In a proposed rule slated for publication in the Federal Register this week, USDA would allow voluntary “Product of USA” or “Made in the USA” label claims only on meat, poultry and egg products that are derived from animals born, raised, slaughtered and processed in the United States.
Currently, meat, poultry and egg products that are born, raised and partially processed abroad can still claim they are a “Product of USA” or “Made in the USA” if they undergo a “significant transformation” after arriving in the US.
However, as the US Cattleman’s Association points out, this “significant transformation” could be “as insignificant as trimming or rewrapping,” which it deemed “a wholly unacceptable practice that intentionally misleads consumers” and hurts the US economy.
“USCA is pleased to see that the proposed rule finally closes this loophole by accurately defining what these voluntary origin claims mean, something we have been working to clarify since the repeal of mandatory country-of-origin labelling in 2015,” USCA President Justin Tupper said in a statement.
“If it says, ‘Made in the USA,’ then it should be from cattle that have only known USA soil. Consumers have a right to know where their food comes from, full stop,” he added.
Broad industry support
USCA argued this point and for the proposed change in a petition for rulemaking it submitted to USDA’s Food Safety and Inspection Service in 2019.
USCA’s petition echoed that of the Organization for Competitive Markets (OCM) and the American Grassfed Association filed a year earlier in which they asserted the current policy caused financial harm to US family farmers and independent rangers by giving an unfair market advantage to companies that further process imported meat.
Both petitions were widely supported with the majority of the 2,593 public comments on the OCM/AGA petition and the 111 public comments on the USCA petition supporting the clarification.
A third petition from the National Cattleman’s Beef Association submitted in June 2021 was not as broadly supported as it argued for replacing the current “Product of USA” claim with a “Processed in the USA” label which many contended would not resolve consumer confusion.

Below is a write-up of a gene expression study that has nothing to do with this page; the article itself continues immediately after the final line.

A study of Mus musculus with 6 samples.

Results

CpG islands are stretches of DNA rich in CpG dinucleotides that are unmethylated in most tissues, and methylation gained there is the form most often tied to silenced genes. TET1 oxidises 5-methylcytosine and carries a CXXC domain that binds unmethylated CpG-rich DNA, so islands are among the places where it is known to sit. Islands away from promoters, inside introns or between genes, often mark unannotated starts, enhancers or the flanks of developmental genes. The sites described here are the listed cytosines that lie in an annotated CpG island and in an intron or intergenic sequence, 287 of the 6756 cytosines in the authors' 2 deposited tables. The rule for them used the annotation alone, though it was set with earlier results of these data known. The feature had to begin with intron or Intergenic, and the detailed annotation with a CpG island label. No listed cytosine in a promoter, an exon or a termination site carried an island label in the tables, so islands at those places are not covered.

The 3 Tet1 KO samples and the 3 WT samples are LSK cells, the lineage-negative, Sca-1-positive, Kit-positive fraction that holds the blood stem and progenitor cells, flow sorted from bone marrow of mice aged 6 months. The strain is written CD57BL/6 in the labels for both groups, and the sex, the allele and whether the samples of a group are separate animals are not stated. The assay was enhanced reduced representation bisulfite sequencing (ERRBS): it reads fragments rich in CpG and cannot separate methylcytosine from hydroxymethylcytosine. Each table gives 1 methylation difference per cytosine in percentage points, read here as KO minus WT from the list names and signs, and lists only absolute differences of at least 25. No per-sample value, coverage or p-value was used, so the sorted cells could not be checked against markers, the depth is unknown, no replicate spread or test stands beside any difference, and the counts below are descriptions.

Better alignment with consumer expectations
USDA determined that allowing “Product of USA” and “Made in the USA” claims to appear only on products derived from animals born, raised, slaughtered and processed in the US would better align with consumer expectations of the claims.
A survey of more than 4,840 US adults conducted by the agency found 47% of participants believed the label indicated that the animal was born, raised, slaughtered and the meat then processed in the US. Only 16% of participants understood the current meaning, which is that the meat was processed in the US, according to the USDA.
This is a subtle but important shift from the current regulation, which allows imported products that undergo a “significant transformation” in the US to claim they are a “Product of the USA” on the label.
Not all stakeholders support the change
While the proposed change is broadly supported, not all stakeholders are in favor of the change, according the USDA.
In the proposed rule, the agency acknowledges that some cattle producer trade associations, meat processor trade associations, Canadian and Mexican livestock producer trade associations and the Canadian and Mexican governments did not support the petition.
Stakeholders on both sides of the issue have 60 days to comment on the proposal for additional consideration.
‘The first step towards truth in labeling’
For other groups, the proposal does not go far enough.
The USCA lauded the proposal as “the first step towards truth in labeling since the [country of origin labeling] program’s repeal in 2015,” but added that “mandatory COOL remains [its] primary goal, and the wishes of the majority of the cattle producers and consumers.”
It encourage stakeholders to call and write their elected representatives to share their support for the American Beef Labeling Act, which would reinstate mandatory country-of-origin labelling requirements for beef in a way that complies with the rules of the World Trade Organization.
“The support of Congress will be a critical part of the pathway forward for COOL, and that will be accomplished through a grassroots push by cattle producers,” USCA said in a statement, adding: “We must rally around definitions – the pathway towards country-of-origin labeling begins with closing the current loopholes. The approach suggested by USDA would get labeling right on beef. Now, we need to work to get it right on cattle.”